Vitamin D and Colon Cancer: What's the Link?

Understanding More About Vitamin D Can Help You Reduce Your Colon Cancer Risk


How Much Vitamin D Do I Need?

Several health experts believe that for optimal colon cancer prevention, you need between 1,000 and 2,000 IU of vitamin D per day, roughly two and a half to five times the current recommended dietary allowance (RDA) of 400 IU per day. Vitamin D should come from diet, dietary supplements, or from a combination of the two. The medical community is providing further support for increased recommendations for vitamin D. Along with calcium, vitamin D is already well-known as an important nutrient in bone health, which is why it's often added to milk.

Vitamin D and Colon Cancer Survival

But before you load up on vitamin D, be sure to talk to your doctor. While you could truly be deficient in vitamin D and need more of the nutrient, you might also not need, or benefit from, extra vitamin D. Colon cancer survivors should take note, too. For people who are diagnosed with colon cancer, having low blood levels of vitamin D may worsen the chances of survival.

Also of concern is that among people with colon cancer, receiving chemotherapy increases the risk of vitamin D deficiency. The best way to determine if you could benefit from taking more than the RDA of vitamin D is to ask your doctor for a vitamin D test.

Getting Your Daily Vitamin D Dose

You would think that a normal part of healthcare would be to check blood levels of vitamin D on a regular basis.

Unfortunately, this is not the case. If you're from the United States, you may not get enough vitamin D and you may not be aware of it. Getting enough vitamin D in the diet, or from exposure to sunlight of sufficient strength to allow the body to make vitamin D, is important for health (sunlight helps the body make Vitamin D). Because the recommended dietary allowance (RDA) for vitamin D is low, you may need a dietary supplement to make sure you get enough vitamin D that exceeds the recommended amount. If your doctor says your vitamin D is low, ask how much vitamin D you should take to correct this problem. Do not load up on excess vitamin D without first confirming that you need more of the nutrient. Vitamin D insufficiency and deficiency are increasingly considered serious public health issues. That is the risk of deficiency is significantly greater than risk of toxicity (getting too much vitamin D).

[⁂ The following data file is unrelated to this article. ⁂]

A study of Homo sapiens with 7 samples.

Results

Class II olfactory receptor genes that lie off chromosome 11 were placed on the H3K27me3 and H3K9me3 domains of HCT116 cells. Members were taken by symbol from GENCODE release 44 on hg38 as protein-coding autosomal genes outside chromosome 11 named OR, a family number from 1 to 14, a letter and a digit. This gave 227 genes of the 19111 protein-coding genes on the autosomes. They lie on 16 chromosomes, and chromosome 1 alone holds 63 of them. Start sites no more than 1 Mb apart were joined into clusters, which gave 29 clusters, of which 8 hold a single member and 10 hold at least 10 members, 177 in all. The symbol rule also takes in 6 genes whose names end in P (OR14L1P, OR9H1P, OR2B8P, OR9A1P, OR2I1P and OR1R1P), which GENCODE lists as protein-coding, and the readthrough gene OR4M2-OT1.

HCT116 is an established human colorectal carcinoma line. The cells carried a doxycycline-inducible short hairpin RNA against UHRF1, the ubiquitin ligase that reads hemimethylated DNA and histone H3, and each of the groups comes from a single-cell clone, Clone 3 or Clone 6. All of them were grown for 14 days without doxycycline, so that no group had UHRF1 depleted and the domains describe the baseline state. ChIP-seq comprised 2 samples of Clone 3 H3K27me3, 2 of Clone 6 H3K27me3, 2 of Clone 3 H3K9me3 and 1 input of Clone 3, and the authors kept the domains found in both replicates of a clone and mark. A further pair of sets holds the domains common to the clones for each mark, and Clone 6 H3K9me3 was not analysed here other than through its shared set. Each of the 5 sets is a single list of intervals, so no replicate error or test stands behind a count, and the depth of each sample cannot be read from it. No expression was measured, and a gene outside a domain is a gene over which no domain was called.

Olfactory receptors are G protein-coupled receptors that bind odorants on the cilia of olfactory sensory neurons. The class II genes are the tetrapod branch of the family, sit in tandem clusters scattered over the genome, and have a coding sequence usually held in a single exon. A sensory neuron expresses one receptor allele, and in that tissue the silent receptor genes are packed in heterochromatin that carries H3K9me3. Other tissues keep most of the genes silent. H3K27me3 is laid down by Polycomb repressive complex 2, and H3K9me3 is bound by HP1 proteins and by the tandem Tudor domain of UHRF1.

• Good food sources of vitamin D include:
    • fatty, cold water fish, such as tuna, salmon, mackerel, and sardines
    • cheese
    • egg yolks
    • Vitamin-D fortified foods, including dairy foods, ready-to-eat cereal, and orange and some other juices.

Clearly, vitamin D is not only vital for overall health, but may be important for reducing risk of colon cancer and other chronic conditions.

Getting more vitamin D also may be a way to increase your chances of survival if you already have colon cancer. But, be sure to ask your doctor to check your vitamin D level. If you are low, you can work with your health care provider to decide how best to get more vitamin D into your diet and into your body.